Curt Rice

“When you have eliminated the impossible, whatever remains, however improbable, must be the truth.” So said the famous detective Sherlock Holmes in Arthur Conan Doyle’s novel The Sign of the Four.

Research fails; almost always. Scientists discard hypotheses like so many untried drones, cast out before even getting a chance. This is the nature of research. It’s the approach that gives us the best results—the breakthroughs, the insights, the improvements in our quality of life. Failure in research is not a problem; in fact, it can push us forward.

Thomas Edison’s associate, the story goes, was frustrated with nearly a thousand unsuccessful experiments for a project. He was ready to throw in the towel, but Edison talked him out of it. “I cheerily assured him that we had learned something,” he is reported to have said in a 1921 interview. “We had learned for a certainty that the thing couldn’t be done that way, and that we would have to try some other way.”

But if failure in research is itself not a problem, the communication of such failures is. If we learn from negative results, why is it so hard to publish them? Is there a systemic challenge for the distribution of such research? If so, what changes might help?

Journals don’t have policies against publishing negative results. The World Association of Medical Editors states, on the contrary, that “studies with negative results…should receive equal consideration”. Even so, statistically significant results increase the chance of publication, lowering the odds that negative results get into print.

It may be difficult to publish negative results simply because reviewers find such studies less interesting. It could also be that editors are under pressure from publishers to increase the impact of their journals, and they know that studies with negative results are less cited than those with positive results.

Perhaps the attitudes of researchers are relevant, too. It may be more interesting to move onto a new hypothesis than to write up the results of a failed one. Maybe it’s embarrassing to have a hypothesis that didn’t pan out.

Some offer more sinister speculation: researchers don’t publish their own negative results because they don’t want to help the competition. This highlights a peculiar feature of the organisation of universities.

University departments have two core activities: teaching and research. Each applies different pressures on hiring decisions. Teaching coverage requires breadth, while research success requires depth. Hence, research communities tend to span institutions.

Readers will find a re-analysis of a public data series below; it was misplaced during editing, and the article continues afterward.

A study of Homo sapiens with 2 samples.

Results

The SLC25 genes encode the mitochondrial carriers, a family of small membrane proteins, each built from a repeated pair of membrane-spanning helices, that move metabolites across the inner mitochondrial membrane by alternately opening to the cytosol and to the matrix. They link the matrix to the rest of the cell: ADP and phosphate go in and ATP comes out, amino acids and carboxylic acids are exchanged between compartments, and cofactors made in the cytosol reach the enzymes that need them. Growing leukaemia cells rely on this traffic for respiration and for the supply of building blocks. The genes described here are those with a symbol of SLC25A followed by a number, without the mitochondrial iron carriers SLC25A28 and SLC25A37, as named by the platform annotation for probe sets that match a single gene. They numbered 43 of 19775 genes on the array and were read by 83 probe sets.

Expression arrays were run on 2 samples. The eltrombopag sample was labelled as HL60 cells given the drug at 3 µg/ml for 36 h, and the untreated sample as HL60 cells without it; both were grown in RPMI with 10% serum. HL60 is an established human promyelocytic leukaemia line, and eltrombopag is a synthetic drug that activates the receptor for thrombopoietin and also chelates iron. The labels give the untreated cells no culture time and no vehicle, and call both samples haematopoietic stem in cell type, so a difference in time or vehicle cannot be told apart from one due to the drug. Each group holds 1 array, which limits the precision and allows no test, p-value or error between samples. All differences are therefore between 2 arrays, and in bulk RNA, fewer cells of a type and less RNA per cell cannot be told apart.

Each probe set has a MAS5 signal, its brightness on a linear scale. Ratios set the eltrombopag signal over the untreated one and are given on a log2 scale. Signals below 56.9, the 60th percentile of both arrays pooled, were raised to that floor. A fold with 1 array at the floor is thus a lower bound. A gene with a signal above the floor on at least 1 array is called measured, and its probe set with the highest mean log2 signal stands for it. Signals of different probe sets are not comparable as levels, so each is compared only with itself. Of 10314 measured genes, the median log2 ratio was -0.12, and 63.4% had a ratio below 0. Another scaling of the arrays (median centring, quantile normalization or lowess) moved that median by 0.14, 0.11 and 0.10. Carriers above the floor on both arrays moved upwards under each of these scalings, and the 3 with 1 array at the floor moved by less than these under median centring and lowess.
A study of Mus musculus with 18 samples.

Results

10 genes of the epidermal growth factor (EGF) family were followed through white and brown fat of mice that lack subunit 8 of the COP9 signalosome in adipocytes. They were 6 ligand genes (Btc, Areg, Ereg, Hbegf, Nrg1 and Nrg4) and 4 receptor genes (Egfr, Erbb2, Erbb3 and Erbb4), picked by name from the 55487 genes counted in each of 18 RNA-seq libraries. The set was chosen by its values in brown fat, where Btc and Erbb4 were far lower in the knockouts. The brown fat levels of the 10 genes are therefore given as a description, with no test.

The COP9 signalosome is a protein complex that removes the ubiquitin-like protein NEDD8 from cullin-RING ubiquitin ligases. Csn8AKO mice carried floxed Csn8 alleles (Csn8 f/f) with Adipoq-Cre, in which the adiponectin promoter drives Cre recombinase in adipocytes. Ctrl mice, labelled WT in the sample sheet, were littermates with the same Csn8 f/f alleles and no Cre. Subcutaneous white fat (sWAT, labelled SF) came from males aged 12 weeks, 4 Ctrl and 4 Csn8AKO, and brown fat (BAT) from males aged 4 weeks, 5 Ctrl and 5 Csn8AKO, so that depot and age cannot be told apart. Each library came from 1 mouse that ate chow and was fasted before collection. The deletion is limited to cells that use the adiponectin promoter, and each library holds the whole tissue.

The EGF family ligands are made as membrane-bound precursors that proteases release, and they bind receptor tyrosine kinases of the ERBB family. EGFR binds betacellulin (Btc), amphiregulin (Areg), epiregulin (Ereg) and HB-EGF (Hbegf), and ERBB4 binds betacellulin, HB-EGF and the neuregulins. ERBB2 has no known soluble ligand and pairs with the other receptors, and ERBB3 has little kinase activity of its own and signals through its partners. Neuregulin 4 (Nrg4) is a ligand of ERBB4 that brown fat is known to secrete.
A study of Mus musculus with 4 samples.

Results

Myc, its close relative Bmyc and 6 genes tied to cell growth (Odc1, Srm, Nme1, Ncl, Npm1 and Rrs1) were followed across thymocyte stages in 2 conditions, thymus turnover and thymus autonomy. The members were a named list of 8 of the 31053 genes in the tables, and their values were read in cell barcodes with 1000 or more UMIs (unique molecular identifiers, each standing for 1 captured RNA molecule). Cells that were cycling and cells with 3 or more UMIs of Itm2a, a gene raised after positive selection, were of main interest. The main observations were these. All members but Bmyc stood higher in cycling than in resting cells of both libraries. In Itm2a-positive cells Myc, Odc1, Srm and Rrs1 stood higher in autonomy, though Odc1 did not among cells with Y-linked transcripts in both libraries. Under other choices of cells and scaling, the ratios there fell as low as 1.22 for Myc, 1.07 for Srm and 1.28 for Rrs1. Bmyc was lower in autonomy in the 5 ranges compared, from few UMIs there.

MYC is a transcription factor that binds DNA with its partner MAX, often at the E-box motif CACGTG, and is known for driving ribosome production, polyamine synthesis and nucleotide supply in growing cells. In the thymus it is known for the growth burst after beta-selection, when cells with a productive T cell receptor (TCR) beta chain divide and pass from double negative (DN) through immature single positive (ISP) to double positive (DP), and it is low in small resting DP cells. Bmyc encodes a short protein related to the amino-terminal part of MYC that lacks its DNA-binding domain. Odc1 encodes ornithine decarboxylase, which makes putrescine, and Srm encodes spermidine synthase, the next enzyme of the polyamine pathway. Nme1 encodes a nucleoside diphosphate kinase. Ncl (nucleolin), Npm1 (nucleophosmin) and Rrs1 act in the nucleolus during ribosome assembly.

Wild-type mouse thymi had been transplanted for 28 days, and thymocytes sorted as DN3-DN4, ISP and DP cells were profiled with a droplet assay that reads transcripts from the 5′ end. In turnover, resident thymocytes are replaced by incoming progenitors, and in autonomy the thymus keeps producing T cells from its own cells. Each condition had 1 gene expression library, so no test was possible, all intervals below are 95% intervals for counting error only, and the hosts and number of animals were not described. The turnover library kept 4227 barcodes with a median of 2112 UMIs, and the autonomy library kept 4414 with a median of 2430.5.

Those institutions may collaborate, but they actually compete with one another for funding. Could this be an incentive to leave negative results unpublished? Might a team consider its negative results a competitive advantage, insofar as such results contribute to the context for subsequent positive results?

So the skew in favour of positive results follows from a lack of incentives to publish negative results. If researchers themselves find the results uninteresting, or anticipate that reviewers will be less enthusiastic, or know they will be cited less, or even believe they surrender a competitive advantage by publishing such results, why should they bother?

What changes could counter these pressures? Can we imagine incentives to publish negative results? I think at least two developments could play a role.

First, funding models that give economic rewards for publication could lead to the appearance of more negative results. Norway has recently adopted an elaborate national scheme of this type. Publication records are now directly tied to funding for travel, research assistance, equipment and so on—publication itself generates funds. Tracking the developments triggered by this system may reveal an increase in the publishing of negative results.

Second, there is increased political pressure to connect research with innovation. The European Commission’s next funding programme is the proposed Horizon 2020—The Framework Programme for Research and Innovation. Pressure to demonstrate innovation may yield increased publication of negative results. Negative results can winnow the possible directions for innovative applications, and thereby demonstrate the usefulness of research—in turn increasing the chances of EU funding. Examples range from medicine and evolutionary biology to the social sciences.

So, there is broad—though not unanimous—consensus that publishing negative results is important for science. In many ways, today’s system discourages this. We should keep an eye on developments to see if they lead to change.

And if they do, then we will join Sherlock Holmes in a more open pursuit of truth—not only by eliminating hypotheses, but by telling each other when we do.

More to say? Email comment@ResearchResearch.com

Curt Rice is the pro-rector for R&D at the University of Tromsø, and chairman of the board for the Current Research Information System in Norway. He blogs on topics related to university leadership.